Whew! The Thai Competency Exam is behind me now and I have begun work at the Education Ministry as the Coordinator of Christian Volunteers in Thailand – that is, if I have any volunteers to “coordinate.” So, the first objective in my work is to focus on recruitment of volunteers. Help me spread the word that we need volunteers to teach English in Thailand and why it is so important that these volunteer teachers are Christians. (See my blog posts on August 26 and September 22 for more on that subject.)
I know that some of you are waiting to hear about this exam, so here is a brief sketch of the day of the exam. At my teacher’s urging, I left the Bangkok Christian Guest House at 6:30 AM to catch a taxi to the University where the exam was being given (built on the land that was once part of the King’s Palace). We were both uncertain of Bangkok’s “rush hour” traffic. As it turned out, I was the first to arrive at the exam site (7:30 AM) – which was OK, because it gave me plenty of time to read through the instructions that were all printed in Thai (for obvious reasons). The first page was the procedure for being admitted into the examination room (must have actual passport, must have actual receipt for payment of the fee, must be dressed appropriately, etc.). The second was the process for the examination (50 minutes for the Reading Exam, 50 minutes for the Listening Exam, 50 minutes for the Writing Exam, and 10 minutes for the Speaking Exam – the first three before lunch and the last after lunch). The third page was a listing of the candidate ID numbers and the examination room assigned to them. It took a full half hour for me to read through all of this because (lightbulb!) reading is my worst skill in this language. But, considering I just began reading six months ago, I am OK with that.
At 8:30 AM, they opened the doors on the second floor to begin checking passports and receipts to insure that all the correct people were present. We were given an ID card (right) and given permission to enter the examination room. We had to find the matching card on a desk in the examination room. There were 134 people taking the exam – most of whom were Japanese, Chinese or Korean. My seat was on an aisle about ten rows back. We were instructed to put only #2 pencils and one eraser on top of our desks. I had two boxes of sharpened #2 pencils (24) and a good eraser. One water bottle could be placed on the floor beside our desk. Everything else (bags, phones, purses, etc.) had to be placed on the dais at the front of the room. The leader gave all instructions in Thai, which led to the only humorous moment of the day: He apologized for speaking only in Thai, but then said that, as we were there to take the Thai Competency Exam, if we could not understand him, we would probably not pass the exam.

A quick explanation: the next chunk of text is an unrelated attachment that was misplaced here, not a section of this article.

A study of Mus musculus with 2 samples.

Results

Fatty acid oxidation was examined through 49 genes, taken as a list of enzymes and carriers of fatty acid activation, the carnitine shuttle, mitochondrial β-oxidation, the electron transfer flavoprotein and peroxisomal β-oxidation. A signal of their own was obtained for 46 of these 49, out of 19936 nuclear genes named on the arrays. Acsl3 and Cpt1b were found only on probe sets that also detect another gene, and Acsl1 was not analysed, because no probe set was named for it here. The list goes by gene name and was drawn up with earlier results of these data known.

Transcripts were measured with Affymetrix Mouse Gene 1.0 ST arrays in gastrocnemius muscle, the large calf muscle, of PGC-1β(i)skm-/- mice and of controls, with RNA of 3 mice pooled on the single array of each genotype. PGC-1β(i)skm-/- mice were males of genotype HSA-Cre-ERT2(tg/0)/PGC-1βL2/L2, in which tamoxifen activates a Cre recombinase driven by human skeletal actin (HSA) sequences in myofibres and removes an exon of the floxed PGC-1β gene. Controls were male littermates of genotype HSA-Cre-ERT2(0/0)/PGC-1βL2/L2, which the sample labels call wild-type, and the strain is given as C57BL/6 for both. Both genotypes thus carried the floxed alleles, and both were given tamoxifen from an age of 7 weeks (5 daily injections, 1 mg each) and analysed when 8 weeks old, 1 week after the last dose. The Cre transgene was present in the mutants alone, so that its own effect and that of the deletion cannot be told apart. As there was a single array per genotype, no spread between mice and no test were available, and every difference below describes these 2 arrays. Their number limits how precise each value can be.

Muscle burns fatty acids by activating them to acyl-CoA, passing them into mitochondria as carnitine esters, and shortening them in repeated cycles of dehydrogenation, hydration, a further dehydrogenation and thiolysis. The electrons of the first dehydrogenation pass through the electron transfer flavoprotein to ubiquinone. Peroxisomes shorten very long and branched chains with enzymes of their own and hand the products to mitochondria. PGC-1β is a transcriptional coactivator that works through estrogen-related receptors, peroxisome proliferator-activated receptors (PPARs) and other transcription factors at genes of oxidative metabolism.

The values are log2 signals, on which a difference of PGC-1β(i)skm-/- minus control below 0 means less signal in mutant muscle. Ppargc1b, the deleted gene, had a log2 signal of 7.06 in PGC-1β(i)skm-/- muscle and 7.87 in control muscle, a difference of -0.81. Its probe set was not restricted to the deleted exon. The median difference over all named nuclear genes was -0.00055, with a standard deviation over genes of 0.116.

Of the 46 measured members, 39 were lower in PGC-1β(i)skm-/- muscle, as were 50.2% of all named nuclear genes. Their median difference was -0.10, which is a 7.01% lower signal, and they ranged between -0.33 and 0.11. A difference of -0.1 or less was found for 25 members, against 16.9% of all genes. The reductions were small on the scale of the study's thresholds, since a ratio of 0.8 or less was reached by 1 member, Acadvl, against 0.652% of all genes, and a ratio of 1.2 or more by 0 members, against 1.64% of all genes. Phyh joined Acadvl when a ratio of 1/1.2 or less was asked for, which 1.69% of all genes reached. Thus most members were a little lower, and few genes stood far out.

The exam began promptly at 9:00 AM with the Reading Exam – my worst skill. I made it through 24 of the 48 questions – not because I could not understand them, but because I read so slowly that I only got that far in the 50 minutes that were given for that part of the exam. I answered all of the questions in the Listening Exam (36), because I was simply listening to a recording of different conversations and answering questions about those conversations. Other students thought the speakers spoke too quickly, but I thought they spoke as quickly as Thai people normally speak in conversation with each other. The Writing Exam had two parts: Part One was writing a story using 20 vocabulary words given in a box and Part Two was responding to an opinion that was stated in a sentence and lifting examples to support your response. I had ten minutes to write ten sentences for the first story. I had 35 minutes to write 25 sentences in my response to the statement given. I wrote a sufficient number of sentences for each, but in the first part, there were about four vocabulary words that I did not know and failed to include in the story and, in the second part, I used basic grammatical structures, simple sentences, and basic words to communicate my response. The examples I used were also simplistic.
But I am glad the exam is over and behind me, though I will miss the opportunity to learn more of this language – languages, if you count the royal language which is drawn from Pali or Sanskrit and is much more difficult than basic Thai. I really need to increase my vocabulary as well. Perhaps in the new year, there will be time to study some more. But, for now, I have to get to work finding volunteers. Have YOU thought about taking two years out to do something totally different that will touch others and change you forever?? Think about it… and then email me at firstname.lastname@example.org.